US stocks declined on Tuesday after President Donald Trump's threat to move ahead with additional tariffs on Chinese goods dampened hopes of resolving the trade spat at the upcoming G20 Summit.
Ahead of a meeting where the leaders of the world's two largest economies are widely expected to enter a trade deal, Trump told the Wall Street Journal he expects to raise tariffs on $200 billion in Chinese imports to 25 percent, calling it "highly unlikely" that he would accept China's request to hold off on the increase.
"The market remains in a fragile state and because of that anytime tariffs come into the picture you have worries," said Peter Cardillo, chief market economist at Spartan Capital Securities in New York.
"Investors are looking for some positive news out of the G20, but until there is a concrete announcement on tariffs, investors will remain jittery."
Apple Inc fell 1.6 percent and led the declines in the technology sector after Trump said tariffs could also be placed on laptops and iPhones imported from China.
Chipmakers, which have the highest revenue exposure to China among S&P 500 companies, also declined, with the Philadelphia SE Semicoductor index losing 0.79 percent.
Shares of Boeing, the single largest U.S. exporter to China, fell 1.2 percent and fellow Dow component Caterpillar fell 1.6 percent, weighing on industrial stocks.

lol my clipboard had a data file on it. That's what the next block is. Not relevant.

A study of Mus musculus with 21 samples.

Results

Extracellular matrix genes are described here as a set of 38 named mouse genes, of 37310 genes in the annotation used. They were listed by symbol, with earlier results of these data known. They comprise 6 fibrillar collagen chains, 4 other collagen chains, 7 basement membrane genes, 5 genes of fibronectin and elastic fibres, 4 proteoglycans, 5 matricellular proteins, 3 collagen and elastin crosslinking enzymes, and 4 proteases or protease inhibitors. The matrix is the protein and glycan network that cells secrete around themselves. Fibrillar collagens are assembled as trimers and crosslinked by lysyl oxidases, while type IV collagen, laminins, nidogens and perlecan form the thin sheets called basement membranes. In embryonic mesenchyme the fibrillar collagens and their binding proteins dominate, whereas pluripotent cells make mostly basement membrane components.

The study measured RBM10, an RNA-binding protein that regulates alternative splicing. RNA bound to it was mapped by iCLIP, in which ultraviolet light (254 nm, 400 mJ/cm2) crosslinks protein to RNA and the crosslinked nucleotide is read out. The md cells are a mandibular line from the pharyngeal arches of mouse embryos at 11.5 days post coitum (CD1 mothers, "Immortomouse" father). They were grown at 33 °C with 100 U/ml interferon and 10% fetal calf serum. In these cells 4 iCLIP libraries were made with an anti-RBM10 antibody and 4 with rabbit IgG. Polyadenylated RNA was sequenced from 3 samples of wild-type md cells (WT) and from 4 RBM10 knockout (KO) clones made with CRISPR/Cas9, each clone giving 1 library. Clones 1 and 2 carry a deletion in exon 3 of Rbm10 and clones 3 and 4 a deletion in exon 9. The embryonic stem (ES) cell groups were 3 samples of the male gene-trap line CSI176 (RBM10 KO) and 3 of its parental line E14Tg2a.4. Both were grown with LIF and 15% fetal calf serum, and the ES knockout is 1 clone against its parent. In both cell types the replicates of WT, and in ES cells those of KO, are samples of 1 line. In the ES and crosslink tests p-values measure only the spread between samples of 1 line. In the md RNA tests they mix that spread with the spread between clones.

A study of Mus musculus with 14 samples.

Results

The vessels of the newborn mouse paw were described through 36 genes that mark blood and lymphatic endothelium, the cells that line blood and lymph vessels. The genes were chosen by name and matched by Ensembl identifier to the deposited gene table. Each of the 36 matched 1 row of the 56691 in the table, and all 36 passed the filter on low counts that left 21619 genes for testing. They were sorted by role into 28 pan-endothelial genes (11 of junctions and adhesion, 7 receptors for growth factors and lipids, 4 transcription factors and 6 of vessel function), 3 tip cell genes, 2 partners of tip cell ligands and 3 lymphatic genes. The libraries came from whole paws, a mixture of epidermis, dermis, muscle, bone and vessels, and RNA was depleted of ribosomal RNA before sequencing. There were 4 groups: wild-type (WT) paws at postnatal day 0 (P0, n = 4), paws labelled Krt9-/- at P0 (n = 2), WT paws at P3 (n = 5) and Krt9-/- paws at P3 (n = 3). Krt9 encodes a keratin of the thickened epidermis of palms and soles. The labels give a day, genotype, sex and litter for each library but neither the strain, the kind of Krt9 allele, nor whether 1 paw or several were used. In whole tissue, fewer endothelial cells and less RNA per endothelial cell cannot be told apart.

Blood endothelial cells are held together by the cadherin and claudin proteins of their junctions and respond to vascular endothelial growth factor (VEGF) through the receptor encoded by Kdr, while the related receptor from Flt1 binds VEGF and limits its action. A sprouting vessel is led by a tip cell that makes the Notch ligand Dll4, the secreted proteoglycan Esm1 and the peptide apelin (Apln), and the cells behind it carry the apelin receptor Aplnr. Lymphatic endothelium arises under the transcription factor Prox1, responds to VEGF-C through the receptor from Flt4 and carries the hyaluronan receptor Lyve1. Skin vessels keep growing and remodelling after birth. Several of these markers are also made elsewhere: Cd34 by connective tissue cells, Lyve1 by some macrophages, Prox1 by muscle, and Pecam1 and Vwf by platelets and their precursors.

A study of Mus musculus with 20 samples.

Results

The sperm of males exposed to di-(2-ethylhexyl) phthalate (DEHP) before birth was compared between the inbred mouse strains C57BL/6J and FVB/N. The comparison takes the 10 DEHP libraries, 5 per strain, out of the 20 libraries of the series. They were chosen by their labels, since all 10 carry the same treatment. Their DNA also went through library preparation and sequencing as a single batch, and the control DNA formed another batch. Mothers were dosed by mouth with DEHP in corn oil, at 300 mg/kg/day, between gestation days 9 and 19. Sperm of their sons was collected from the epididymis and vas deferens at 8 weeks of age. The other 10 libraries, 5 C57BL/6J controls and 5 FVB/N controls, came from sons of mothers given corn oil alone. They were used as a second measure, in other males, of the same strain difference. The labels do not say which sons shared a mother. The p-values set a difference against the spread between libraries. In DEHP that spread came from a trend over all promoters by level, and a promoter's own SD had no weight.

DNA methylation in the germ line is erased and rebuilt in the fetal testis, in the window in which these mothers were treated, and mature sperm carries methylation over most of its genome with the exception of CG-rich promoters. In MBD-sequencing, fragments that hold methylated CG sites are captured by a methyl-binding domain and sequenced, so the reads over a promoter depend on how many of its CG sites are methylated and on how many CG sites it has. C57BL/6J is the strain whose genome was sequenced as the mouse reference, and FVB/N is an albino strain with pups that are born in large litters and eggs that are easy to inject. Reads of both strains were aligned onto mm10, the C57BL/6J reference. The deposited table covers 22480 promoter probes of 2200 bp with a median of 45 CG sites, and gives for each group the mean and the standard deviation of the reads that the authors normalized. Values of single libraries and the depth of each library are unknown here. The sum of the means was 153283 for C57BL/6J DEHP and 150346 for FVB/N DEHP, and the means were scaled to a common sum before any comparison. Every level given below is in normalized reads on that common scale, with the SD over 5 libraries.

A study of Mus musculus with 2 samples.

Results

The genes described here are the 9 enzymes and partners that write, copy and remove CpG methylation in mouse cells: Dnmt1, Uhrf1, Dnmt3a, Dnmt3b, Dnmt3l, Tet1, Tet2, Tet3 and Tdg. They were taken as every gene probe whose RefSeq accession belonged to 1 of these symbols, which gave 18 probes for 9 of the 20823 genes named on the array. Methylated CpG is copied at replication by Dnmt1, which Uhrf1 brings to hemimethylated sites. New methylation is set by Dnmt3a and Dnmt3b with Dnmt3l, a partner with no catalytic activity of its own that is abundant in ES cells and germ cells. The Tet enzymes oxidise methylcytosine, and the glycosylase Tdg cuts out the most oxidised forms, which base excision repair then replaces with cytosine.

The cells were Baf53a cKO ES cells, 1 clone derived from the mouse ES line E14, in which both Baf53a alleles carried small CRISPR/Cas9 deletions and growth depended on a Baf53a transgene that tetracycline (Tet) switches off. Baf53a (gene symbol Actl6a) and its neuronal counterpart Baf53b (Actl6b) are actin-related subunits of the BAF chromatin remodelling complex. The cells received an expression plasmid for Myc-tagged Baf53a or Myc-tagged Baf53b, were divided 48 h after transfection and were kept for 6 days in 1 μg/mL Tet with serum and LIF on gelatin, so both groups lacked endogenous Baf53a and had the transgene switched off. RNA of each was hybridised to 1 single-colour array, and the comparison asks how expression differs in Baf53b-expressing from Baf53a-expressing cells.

The downbeat mood comes after Wall Street started off the week on a high note, partly helped by retail stocks gaining on the hopes of a robust holiday season.
At 9:39 a.m. EDT the Dow Jones Industrial Average was down 171.84 points, or 0.70 percent, at 24,468.40, the S&P 500 was down 12.37 points, or 0.46 percent, at 2,661.08 and the Nasdaq Composite was down 49.99 points, or 0.71 percent, at 7,031.86.
United Technologies Corp tumbled nearly 6 percent, the most on the benchmark S&P 500 index. The industrial conglomerate was up in premarket trading after it announced plans to separate into three companies.
All the major S&P sectors were in the red, with the technology sector's 0.95 percent drop leading the slide.
Federal Reserve Vice Chairman Richard Clarida said the central bank should continue to gradually raise interest rates, but it is "especially important" to closely monitor new economic data as monetary policy is getting close to a neutral stance.
Fed Chairman Jerome Powell is scheduled to speak on Wednesday and his commentary will be closely watched for further clues on the path of interest rate hikes and signs of slowing economic growth in the face of rising trade tensions.
Declining issues outnumbered advancers for a 2.04-to-1 ratio on the NYSE and for a 2.37-to-1 ratio on the Nasdaq.The S&P index recorded one new 52-week highs and one new lows, while the Nasdaq recorded six new highs and 49 new lows.